Of the 34 million family caregivers in the United States, about 15 percent are long-distance caregivers (live an hour or more away from the person you’re caring for). Considering how mobile our society is and that many children move to cities away from their parents when they graduate from school, this isn’t surprising. While caring for a loved one when you live in the same city can be difficult, long-distance caregiving can present a unique set of challenges. Here are five tips to help you protect your senior loved ones when you can’t be there with them.
Tip #1: Connect with their healthcare providers
Even though you can’t attend medical appointments with your loved ones, you can build a connection with their healthcare providers. Many doctors communicate with family members by phone or e-mail and keep them updated on how their loved one’s health is doing (you will have to fill out a HIPAA release form or gain Medical Power of Attorney).
Staying apprised of your parent’s health status through their healthcare providers allows you to be more involved in their care, assist them with following doctor’s orders, and give you more peace of mind.
Tip #2: Build a local support system
Both you and your loved one need to have people nearby who can provide support when needed. Build a contact list consisting of their friends and trustworthy neighbors who can physically check on your loved ones if you’re concerned about something. In addition, many apartment complexes and senior communities have neighborhood Facebook pages you can join to stay current on what’s happening where they live.
Tip #3: Communicate often
As busy as life gets, days and weeks pass quickly, and we can lose track of keeping in touch with family and friends. Living at a distance means you need to communicate with your loved ones at least 1-2 times per week. They need the security of knowing that you’re there for them.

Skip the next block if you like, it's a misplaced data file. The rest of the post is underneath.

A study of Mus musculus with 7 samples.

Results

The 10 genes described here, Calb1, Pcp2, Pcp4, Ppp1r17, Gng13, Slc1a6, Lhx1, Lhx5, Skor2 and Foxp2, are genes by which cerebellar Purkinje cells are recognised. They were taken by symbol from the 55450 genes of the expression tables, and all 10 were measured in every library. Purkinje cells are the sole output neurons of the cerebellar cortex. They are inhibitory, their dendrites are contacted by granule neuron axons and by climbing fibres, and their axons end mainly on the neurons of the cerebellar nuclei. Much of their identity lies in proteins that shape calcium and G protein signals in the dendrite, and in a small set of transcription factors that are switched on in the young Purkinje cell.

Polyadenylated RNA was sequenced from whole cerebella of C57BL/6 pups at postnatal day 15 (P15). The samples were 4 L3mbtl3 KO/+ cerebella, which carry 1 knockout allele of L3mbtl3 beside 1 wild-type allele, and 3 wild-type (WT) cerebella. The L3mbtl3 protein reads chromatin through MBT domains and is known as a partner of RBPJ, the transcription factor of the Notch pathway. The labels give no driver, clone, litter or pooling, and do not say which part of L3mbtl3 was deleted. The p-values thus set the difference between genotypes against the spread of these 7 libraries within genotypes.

Video calls like Zoom and FaceTime let you see Mom or Dad, giving you visual cues on how they’re doing physically and if they’re doing well with personal care (bathing, grooming, dressing).
Tip #4: Use local resources
If your senior is having challenges with activities like housekeeping, cooking, or grocery shopping, you can arrange local support. Most major grocery chains offer online shopping with delivery or curbside pickup. And you can find and line up every service they may need online, including housekeeping, home repairs, lawn care, and transportation services.
Tip #5: Set up online banking
Seniors are prime targets for financial fraud and scams. By being a joint account holder with your loved one and using online banking, you can monitor their accounts and ensure there are no unusual transactions, like unexplained ATM withdrawals or wire transfers. You can also make sure your loved one is paying their bills on time.
First in Care Helps Long-Distance Family Caregivers
First in Care has helped many long-distance caregivers with loved ones feel secure by providing the senior care home services they need. We provide companion care, help with daily activities such as meal preparation and light housekeeping, and we can run errands like picking up groceries.
Don’t keep your fingers crossed from a distance, hoping your mom or dad is doing alright. Instead, call us and learn how you can affordably make sure that a local, professional caregiver keeps your loved ones safe and secure at home.